Advisors get ‘real’ with clients

Advisors get ‘real’ with clients

Advisors get ‘real’ with clients Q2 reports are out and the findings suggest advisors are increasingly free of the burden of managing the unrealistic client expectations.

“Investors should be cautious about expecting these returns to continue and now may be an appropriate time to re-calibrate expectations,” stated the Mawer Q2 report. “It is difficult to be excited about the valuations that we see in most markets today.”

Clients themselves are already hip to the new reality, with new research suggesting they have adjusted their expectations for equities.

"Instability in China and Greece have dampened the optimism for the Canadian market we would normally see; the Canadian economy is heavily reliant on Chinese demand for oil, and without that rising, investors will remain overly cautious," says Howard Atkinson, President of Horizons ETFs, which put out its own quarterly report Monday. "Advisors as usual are more bullish than investors due to their ability to tune out negative news headlines and stay focused on longer-term trends."

In the most telling of stats, 39 per cent of advisors are bullish on the S&P/TSX 60 in the third quarter compared to 54 per cent in Q2, a 15 per cent reversal in this sentiment. Meanwhile, investor sentiment for the index in Q3 has dropped 13 per cent to 29 percent, a full 10 percentage points less than advisors.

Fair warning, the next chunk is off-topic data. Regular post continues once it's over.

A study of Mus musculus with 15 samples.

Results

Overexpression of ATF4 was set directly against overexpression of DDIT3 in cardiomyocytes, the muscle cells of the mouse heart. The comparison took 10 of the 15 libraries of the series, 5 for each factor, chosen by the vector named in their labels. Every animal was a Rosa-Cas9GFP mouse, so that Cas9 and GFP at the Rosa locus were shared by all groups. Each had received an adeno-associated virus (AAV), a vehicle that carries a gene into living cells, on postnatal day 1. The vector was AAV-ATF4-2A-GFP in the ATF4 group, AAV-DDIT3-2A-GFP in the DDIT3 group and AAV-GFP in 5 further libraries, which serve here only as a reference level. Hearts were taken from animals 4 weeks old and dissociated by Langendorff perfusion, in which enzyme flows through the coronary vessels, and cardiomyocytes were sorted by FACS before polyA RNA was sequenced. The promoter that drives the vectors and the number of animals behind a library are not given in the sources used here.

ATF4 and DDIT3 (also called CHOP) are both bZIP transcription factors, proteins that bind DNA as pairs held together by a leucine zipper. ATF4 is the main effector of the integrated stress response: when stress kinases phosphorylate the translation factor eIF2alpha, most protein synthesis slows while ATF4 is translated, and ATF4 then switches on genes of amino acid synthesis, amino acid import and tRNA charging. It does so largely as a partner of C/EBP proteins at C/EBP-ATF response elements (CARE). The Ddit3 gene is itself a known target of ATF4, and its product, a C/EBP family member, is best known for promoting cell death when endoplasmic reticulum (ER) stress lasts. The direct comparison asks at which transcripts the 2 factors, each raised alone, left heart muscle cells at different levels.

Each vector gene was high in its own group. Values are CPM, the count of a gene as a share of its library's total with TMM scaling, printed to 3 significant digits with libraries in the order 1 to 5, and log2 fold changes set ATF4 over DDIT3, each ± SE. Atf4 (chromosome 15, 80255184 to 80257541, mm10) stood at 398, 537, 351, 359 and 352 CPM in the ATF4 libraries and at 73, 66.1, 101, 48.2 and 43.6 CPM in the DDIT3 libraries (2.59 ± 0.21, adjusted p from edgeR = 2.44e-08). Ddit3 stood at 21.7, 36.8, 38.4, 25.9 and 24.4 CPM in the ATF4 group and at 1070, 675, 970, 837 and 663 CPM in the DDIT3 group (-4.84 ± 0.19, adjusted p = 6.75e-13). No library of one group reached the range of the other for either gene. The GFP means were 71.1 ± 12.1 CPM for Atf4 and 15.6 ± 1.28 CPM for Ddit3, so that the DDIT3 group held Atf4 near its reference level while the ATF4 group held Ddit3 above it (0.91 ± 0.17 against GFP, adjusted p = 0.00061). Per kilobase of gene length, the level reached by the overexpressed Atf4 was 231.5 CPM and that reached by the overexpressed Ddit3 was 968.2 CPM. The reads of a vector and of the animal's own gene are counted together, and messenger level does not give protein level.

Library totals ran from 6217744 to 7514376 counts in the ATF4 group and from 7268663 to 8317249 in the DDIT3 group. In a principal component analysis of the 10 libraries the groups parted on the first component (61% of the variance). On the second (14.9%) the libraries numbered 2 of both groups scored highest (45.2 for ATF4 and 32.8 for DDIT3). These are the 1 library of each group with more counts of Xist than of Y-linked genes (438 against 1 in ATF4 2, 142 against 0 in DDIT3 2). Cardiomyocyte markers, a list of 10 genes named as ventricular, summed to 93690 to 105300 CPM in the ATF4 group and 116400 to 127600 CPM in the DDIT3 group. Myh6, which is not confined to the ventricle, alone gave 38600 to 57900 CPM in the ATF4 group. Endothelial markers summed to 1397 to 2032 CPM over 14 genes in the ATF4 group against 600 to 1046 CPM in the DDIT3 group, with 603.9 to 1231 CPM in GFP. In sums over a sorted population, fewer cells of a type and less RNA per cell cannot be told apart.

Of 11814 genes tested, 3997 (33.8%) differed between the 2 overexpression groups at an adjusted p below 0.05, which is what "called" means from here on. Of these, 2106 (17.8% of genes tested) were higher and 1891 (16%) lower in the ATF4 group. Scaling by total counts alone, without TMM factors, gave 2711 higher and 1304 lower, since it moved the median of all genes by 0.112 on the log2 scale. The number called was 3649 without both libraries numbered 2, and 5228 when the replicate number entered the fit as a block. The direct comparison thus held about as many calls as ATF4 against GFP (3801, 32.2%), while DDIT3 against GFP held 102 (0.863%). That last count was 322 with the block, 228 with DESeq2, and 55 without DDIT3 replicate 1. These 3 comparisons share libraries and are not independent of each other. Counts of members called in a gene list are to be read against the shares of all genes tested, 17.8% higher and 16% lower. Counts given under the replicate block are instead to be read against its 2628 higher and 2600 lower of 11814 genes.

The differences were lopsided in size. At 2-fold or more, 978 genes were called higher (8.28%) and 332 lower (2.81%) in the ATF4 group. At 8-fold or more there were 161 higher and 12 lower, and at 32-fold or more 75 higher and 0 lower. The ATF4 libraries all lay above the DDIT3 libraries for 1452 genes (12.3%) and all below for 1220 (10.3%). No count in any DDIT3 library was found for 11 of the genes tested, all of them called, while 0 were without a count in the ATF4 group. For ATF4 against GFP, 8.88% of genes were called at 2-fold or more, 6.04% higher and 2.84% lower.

Highview portfolio manager Dan Hallett believes some of this bearishness reflects a change in performance of the various indexes from Q1 to Q2.

Mawer Investment Management’s Q2 report echoes this sentiment pointing out that its Balanced Fund gained 7.4 per cent in Q1 (net of fees) compared to a negative return of 1.2 per cent in the second quarter. That’s enough to sour the appetite for equities for even the most seasoned investor.

While this might be an appropriate thought given the markets have been on a seven-year run, it’s also important that advisors don’t pullback their equity weightings too quickly as the latest results are just one quarter.

“While I would agree that many stock valuations are at the high end of the normal range, you can’t lose sight of the broader market context (ie. record low interest rates) and in turn an earnings yield that is still better than current interest rates,” Bellwether Investment Management CEO Bob Sewell told WP. “This is really a time when as a portfolio manager you need to be selective meaning that you need to be investing in companies that are growing their earnings at a rate that justifies a higher valuation.  This is an opportunity to demonstrate the benefits of active management.”